Shoulder month. It’s energy market shorthand for the milder months between summer and winter when usage tends to wane, taking rates down with it. But locking into a fixed rate during shoulder months doesn’t necessarily guarantee savings across the life of the contract.
“Shoulder months let futures market investors lock in rates
that are generally lower than rates in peak usage seasons, particularly in
Mid-Atlantic states like Pennsylvania,” explains Vanessa Strausser, Vice
President of Energy Procurement at Evolution Energy Partners. “But like all
things energy buying, it’s not quite that simple.”
One of the biggest trade-offs to consider is volatility. Widely considered to be April/May and September/October, shoulder months (whose name is a nod to lower energy use on either side of peak months) are unpredictable not only in terms of temperature and energy usage, but also in terms of the energy market.
“Lock in during shoulder months when rates are likely to be lower, and you’re locking in price stability and budget certainty and potentially savings, yes,” Strausser explains. “But because fewer people are locking in and controlling positions, the market is often more volatile.”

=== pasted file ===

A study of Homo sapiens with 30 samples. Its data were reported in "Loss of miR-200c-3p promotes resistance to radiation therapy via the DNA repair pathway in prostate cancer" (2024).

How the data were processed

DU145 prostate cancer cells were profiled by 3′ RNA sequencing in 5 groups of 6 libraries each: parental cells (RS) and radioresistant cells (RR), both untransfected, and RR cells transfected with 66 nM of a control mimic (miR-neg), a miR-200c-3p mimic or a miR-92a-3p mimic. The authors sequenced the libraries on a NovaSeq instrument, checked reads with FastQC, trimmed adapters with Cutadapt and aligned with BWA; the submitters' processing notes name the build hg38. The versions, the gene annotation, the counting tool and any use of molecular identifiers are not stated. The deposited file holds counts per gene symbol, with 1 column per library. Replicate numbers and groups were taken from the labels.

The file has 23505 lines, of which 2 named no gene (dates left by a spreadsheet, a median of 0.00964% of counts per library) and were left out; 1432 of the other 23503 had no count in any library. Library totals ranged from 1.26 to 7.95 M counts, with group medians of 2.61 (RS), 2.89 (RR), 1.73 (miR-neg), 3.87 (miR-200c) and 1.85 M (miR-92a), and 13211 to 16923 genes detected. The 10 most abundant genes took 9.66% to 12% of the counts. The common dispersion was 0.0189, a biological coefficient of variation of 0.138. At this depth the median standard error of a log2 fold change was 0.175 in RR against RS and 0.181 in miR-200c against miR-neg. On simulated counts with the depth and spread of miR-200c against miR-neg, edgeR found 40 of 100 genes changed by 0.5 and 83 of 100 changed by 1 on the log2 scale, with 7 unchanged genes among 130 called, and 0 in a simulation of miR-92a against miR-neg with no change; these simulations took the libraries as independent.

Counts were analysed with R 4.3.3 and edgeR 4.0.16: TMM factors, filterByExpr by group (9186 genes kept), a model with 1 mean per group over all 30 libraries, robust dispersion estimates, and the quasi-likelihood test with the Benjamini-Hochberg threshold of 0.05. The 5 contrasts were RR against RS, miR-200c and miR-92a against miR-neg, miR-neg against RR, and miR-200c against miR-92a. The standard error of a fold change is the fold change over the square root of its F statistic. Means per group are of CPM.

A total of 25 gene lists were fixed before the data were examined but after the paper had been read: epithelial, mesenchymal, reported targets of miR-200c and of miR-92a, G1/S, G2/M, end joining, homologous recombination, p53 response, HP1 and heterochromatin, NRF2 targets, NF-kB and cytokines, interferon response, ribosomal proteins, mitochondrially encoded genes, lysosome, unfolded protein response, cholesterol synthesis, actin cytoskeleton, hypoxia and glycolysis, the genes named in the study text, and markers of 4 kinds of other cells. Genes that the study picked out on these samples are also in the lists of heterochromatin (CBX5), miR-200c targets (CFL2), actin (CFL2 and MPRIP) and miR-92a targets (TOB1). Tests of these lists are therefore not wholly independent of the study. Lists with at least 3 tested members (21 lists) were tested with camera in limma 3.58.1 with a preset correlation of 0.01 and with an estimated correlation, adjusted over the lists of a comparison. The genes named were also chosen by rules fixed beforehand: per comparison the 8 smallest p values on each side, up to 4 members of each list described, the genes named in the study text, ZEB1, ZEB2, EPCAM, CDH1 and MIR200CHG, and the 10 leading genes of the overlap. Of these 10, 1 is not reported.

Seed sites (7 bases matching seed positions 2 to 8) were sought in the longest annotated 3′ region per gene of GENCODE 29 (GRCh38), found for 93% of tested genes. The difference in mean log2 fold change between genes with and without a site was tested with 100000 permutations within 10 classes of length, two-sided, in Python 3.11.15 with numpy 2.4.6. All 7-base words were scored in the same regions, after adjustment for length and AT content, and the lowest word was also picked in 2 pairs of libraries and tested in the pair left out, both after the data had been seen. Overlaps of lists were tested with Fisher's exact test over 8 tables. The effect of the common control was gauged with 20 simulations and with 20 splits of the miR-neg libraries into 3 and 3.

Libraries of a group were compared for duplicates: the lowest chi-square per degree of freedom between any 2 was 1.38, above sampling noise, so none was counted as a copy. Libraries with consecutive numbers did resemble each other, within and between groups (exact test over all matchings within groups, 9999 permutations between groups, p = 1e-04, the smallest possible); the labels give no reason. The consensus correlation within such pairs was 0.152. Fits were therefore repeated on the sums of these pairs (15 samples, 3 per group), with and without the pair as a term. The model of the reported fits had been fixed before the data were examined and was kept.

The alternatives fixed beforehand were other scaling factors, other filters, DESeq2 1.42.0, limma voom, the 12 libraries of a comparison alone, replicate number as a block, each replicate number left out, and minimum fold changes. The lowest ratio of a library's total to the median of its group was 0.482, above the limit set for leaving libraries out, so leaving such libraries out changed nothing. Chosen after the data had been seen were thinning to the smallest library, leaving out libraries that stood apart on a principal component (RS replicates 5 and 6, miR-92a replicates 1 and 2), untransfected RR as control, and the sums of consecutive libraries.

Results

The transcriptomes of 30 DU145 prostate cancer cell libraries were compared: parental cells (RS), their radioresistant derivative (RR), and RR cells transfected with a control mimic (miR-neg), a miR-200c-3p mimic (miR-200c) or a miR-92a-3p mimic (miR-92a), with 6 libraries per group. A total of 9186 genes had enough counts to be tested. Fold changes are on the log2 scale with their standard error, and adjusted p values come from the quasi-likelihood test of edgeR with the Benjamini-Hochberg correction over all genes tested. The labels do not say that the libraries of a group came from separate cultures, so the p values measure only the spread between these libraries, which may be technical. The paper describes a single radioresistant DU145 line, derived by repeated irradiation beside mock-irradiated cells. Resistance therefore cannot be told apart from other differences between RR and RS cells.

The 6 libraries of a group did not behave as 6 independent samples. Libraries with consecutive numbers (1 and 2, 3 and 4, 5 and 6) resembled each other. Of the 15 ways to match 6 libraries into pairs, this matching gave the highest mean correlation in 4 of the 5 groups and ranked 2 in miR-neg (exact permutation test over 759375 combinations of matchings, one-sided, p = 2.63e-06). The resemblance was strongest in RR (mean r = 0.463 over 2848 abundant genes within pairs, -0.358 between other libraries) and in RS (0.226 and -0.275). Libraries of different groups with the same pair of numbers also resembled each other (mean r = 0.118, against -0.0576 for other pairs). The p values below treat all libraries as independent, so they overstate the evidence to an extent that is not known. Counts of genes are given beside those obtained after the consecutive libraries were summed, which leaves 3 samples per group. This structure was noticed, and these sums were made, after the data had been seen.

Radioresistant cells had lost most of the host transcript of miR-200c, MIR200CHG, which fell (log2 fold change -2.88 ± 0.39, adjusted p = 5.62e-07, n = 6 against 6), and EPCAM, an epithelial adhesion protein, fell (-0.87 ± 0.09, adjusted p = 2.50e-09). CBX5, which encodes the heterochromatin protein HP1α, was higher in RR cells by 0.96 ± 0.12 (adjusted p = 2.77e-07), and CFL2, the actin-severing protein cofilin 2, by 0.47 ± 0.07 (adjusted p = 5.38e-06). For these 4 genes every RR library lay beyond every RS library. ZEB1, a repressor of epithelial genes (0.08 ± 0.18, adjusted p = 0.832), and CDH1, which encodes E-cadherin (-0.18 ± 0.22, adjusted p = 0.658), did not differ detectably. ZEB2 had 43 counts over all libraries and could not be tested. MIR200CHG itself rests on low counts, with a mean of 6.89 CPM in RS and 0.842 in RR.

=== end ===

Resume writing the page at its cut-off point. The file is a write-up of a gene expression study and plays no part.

Which can mean several things for buyers.
“It’s not uncommon that we price something one day during a shoulder month, and the next day rates are considerably higher,” Strausser says, reminding that energy is a commodity whose prices directly reflect the futures market, or even the more erratic spot market. “To avoid missed opportunities, shoulder market buyers need to move quickly to lock in rates before they might fluctuate.”
By stepping away from month-to-month variables, energy
buyers also stand to miss out when rates drop dramatically.
“What seems like a low rate might end up being relatively high. By locking in, you sacrifice those occasional chances to save big.”
And while shoulder months are generally synonymous with milder temperatures and lower rates, it’s not always true.
“There are years when the bottom occurs in December or January – a reminder that shoulder months should serve, first and foremost, as a time to assess and consider your next move – not as guaranteed savings.”
Still, shoulder months shouldn’t be shrugged off.
“Lock in during shoulder months and you get price
stability and budget certainly no matter what the market does. You might miss
those occasional savings jackpots over the life of that rate, yes, but in the
long run, shoulder market buyers usually see savings or at least break even.”